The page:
Something odd happened last week. I got asked out on a date. Obviously, living as I do, in my semi-detached world, there are some boundaries which are just not crossed, and things that are just not discussed. And the issue of dating or 'seeing other people' is one of them.
A mum at the school gate was telling me about a pal of hers who 'had left her husband but still lived with him' (she was oblivious to my almost identical situation) 'Every weekend she would go off with this other man but claim to be visiting relatives,' she whispered, 'She just couldn't bring herself to tell him there was someone else, to rub his nose in it. How can people live like that?'
I feigned interest and wondered how things would pan out when the woman concerned eventually got caught out. As she undoubtedly would. I then rapidly steered the chatter elsewhere. It was all too close to home.
So anyway, I was asked out. A work related conversation with a person I had met once or twice somehow culminated in a rather clumsy, 'Erm, would you like to come out for dinner some time?'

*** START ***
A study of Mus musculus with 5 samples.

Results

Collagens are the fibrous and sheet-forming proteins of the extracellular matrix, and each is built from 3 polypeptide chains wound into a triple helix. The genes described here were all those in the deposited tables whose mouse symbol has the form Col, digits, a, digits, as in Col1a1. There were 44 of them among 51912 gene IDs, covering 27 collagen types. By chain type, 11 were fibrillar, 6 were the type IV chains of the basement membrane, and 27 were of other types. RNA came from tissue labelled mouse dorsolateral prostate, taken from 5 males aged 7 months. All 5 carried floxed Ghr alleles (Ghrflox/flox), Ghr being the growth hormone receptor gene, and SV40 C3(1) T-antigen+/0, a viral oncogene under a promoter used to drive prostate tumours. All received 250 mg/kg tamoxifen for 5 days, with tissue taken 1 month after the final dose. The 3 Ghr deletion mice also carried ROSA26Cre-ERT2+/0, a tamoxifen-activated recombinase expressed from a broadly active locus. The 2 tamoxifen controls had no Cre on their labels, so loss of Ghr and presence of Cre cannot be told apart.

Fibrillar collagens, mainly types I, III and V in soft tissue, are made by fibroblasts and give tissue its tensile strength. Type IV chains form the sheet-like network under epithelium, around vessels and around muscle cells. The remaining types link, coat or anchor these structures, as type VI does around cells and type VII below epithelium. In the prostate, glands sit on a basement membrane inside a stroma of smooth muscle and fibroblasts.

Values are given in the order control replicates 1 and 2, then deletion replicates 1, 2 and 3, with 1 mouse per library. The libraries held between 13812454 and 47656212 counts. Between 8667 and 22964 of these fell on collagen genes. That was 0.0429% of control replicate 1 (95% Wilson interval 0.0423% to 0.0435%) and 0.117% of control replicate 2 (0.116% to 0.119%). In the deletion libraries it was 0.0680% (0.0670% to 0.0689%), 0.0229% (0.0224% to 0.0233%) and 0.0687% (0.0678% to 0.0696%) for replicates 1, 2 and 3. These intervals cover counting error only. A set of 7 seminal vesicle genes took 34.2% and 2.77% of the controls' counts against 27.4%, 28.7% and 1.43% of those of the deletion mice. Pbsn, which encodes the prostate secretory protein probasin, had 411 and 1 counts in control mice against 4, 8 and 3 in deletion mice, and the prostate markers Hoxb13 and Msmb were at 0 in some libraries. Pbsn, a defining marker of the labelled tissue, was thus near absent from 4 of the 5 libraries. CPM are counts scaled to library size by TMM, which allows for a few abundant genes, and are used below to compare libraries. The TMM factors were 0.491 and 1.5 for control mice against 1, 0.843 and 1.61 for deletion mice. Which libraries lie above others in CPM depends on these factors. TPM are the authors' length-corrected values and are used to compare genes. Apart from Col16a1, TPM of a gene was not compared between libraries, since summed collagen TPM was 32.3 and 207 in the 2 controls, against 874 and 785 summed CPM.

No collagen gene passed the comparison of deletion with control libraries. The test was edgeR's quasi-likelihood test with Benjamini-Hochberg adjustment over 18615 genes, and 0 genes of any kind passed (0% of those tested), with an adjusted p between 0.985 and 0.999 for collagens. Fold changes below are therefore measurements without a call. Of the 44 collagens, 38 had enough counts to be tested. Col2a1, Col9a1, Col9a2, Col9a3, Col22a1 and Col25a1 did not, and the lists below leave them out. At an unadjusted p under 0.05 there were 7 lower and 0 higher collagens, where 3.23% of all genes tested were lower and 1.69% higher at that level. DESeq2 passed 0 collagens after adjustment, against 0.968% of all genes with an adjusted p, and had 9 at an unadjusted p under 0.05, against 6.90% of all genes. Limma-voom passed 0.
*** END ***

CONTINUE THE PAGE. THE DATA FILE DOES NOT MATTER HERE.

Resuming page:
Fortunately the question was put over email, so the instant look of horror and panic that swept across my face was between me and the computer screen. I agonized over my reply.
"Sorry," I finally typed, "Thank you for asking, but I'm not really in a position to do that."
Which all sounded very clumsy, formal and trite, but was at least entirely honest.
"No worries," came the reply.
"If only that were true," I typed in my head.
The trouble is of course, I can't say no forever. I didn't want to go out with this particular person so there was no resentment issue, as in me feeling angry that I was being held back by my ridiculous living arrangements, but I couldn't help but wonder what I would have done if I had wanted to go...
Also on Parentdish, dating again when you're a single parent
How did you approach dating after a break-up?